The Trans-Pacific Partnership (TPP), a trade agreement reached between the United States and 11 additional Pacific-ring countries (Australia, Brunei, Canada, Chile, Japan, Malaysia, Mexico, New Zealand, Peru, Singapore, and Vietnam) was approved by the United States on October 5, 2015 and is on its way to becoming the largest local trade agreement in the world.1 This agreement, representing two-fifths of the global economy and 800 million consumers will shape consumer behavior and choices in a more profound way than anything else before it.2 This agreement also represents a legacy-defining moment for President Obama. However, there is a lot of mystery still surrounding the deal, on top of many issues that both Republicans and Democrats have about the deal’s contents. Although the TPP does have a long way to go before it is perfect, there many things to like about the deal as is.
The focus on small and medium-sized enterprises (SMEs) is probably one of the hallmarks of the trade deal. The TPP has an entire chapter devoted to SMEs by addressing their concerns when it comes to exporting or importing internationally. The SME chapter focusses on reducing barriers for international trade, which includes decreasing the complexity and shear amount of trade paperwork, reforming and rewriting opaque customs regulations, and addressing the slow delivery of small shipments which has made exporting for SMEs economically infeasible in the past. The deal also raises standards for preventing government corruption by requiring anti-bribery and conflict-of-interest laws. Finally, one of the most important aspects for SME’s is the reduction of tariffs through the TPP’s tariff cuts, making the cost, time, and complexity of trading across boarders much more manageable for SMEs. All of these benefits work to improve the overall climate for small businesses, especially in America where over 95% of businesses have less than 500 employees (constituting an SME).3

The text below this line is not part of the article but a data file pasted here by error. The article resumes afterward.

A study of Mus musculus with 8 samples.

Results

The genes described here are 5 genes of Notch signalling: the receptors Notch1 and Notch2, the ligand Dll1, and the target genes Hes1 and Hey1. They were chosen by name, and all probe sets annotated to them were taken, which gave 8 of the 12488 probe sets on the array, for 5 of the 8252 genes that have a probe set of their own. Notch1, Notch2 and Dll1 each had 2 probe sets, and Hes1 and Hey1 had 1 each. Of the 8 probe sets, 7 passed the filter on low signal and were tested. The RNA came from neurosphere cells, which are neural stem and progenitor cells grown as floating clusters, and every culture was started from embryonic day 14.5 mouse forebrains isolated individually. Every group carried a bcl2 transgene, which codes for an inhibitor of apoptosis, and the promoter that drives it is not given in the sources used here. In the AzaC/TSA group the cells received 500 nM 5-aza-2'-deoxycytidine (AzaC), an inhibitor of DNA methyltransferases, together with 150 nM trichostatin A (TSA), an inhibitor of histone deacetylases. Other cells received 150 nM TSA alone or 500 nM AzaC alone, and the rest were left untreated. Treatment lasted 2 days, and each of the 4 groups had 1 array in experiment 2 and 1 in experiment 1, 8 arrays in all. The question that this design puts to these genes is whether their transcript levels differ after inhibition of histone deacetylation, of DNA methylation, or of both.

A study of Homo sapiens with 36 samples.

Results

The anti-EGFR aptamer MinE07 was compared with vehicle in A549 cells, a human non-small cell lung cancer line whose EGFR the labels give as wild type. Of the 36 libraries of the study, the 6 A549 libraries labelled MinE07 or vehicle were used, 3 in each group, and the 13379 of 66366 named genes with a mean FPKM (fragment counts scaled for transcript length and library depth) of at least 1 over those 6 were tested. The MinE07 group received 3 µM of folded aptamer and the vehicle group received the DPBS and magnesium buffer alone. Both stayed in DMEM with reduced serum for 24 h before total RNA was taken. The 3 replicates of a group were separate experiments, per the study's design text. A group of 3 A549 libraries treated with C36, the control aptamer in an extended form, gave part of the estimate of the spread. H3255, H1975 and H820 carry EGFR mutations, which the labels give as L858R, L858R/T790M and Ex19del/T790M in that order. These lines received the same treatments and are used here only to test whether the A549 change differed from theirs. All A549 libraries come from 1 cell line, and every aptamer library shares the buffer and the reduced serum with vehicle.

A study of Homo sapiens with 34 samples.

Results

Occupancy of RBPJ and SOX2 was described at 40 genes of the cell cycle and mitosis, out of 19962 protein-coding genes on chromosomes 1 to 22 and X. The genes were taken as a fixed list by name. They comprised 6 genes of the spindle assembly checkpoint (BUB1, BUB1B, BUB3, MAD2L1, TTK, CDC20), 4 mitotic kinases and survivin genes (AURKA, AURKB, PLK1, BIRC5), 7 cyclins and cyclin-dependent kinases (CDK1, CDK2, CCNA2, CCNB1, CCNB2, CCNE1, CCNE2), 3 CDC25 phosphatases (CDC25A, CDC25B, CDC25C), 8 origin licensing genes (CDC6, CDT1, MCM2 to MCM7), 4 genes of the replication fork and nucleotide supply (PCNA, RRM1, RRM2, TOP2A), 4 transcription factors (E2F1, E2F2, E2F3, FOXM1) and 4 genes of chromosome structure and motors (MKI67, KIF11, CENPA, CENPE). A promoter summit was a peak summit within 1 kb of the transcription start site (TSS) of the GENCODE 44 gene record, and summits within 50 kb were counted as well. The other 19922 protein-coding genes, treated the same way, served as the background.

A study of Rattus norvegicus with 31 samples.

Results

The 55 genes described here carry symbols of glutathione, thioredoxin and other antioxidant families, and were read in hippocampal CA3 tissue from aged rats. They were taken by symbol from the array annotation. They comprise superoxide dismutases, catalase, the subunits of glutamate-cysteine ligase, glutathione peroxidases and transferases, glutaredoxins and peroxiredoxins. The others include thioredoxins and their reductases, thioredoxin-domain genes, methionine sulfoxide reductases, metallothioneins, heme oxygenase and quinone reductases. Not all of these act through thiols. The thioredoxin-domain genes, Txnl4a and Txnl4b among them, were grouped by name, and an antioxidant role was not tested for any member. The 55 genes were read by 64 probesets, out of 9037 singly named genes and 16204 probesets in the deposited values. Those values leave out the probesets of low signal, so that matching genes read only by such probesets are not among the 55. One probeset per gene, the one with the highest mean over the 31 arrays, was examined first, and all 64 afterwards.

Probably the most heavily debated topic included in the TPP is the chapter on intellectual property protection, which is controversial in this case only because the agreement is what has to be adopted by all of the signing countries. So a country with very relaxed standards for intellectual property (IP) will now have to adopt minimum IP protections, which could limit innovation and growth in the member countries. But the standards being imposed are very similar to the ones already in place in the United States, and these “stricter standards” would only apply to the countries that, up until now, were not protecting IP in the first place. So instead of discouraging innovation, broader IP protection would actually provide an incentive to create new goods, services, and ideas.4
Now there is a plethora of other issues within the TPP, some promising (broad labor and environmental standards, protections on data) and some potentially harmful (the ability of corporations to challenge laws and regulations in special state tribunals), that should be addressed. While some of these allegations are stretched truths by propagators on both sides of the isle (both Democrats and Republicans have reservations with the TPP, whether it be the protections some drug companies are afforded to exclusively produce and market their product for 8 years or the lack of true currency controls, instead setting up a “currency forum” to discuss undercutting prices), there is some merit in questioning the true aspects of the deal. The agreement itself was only recently released in full to the public on November 5 by the White House on the social media sharing page Medium, and the 5,400 page does pose a challenge to actually read through let alone interpret factually.5 While it might not be important for everyone in the U.S. to read every word of this agreement, understanding the context of how this agreement is going to affect the population at large is paramount to either supporting this historic deal or acting quickly to effect change.
But since I do not wish to write a textbook, I want to point out that Congress hasn’t actually passed the agreement yet. There will still be a long uphill battle before this deal becomes law in the twelve countries involved. That means there is still time to make changes, to address some of the issues, and to raise some questions that people are not asking like “Why is China suddenly interested in the TPP?” (Which seems to be true and the New York Times has a very interesting article on the subject which I have included below.)6 My point is that if there is something you don’t like about the TPP, now is the time to act and call or write to your members in Congress and let them know your concerns. I believe the TPP will benefit the United States by creating more economic opportunity and more protections for those who need them most, but there are aspects of the deal that worry me like the corporate protections for agribusinesses and pharmaceutical companies. Although I have confidence in our representative democracy to fix the worrisome aspects of the TPP, I will not stop talking about the deal as long as these aspects remain.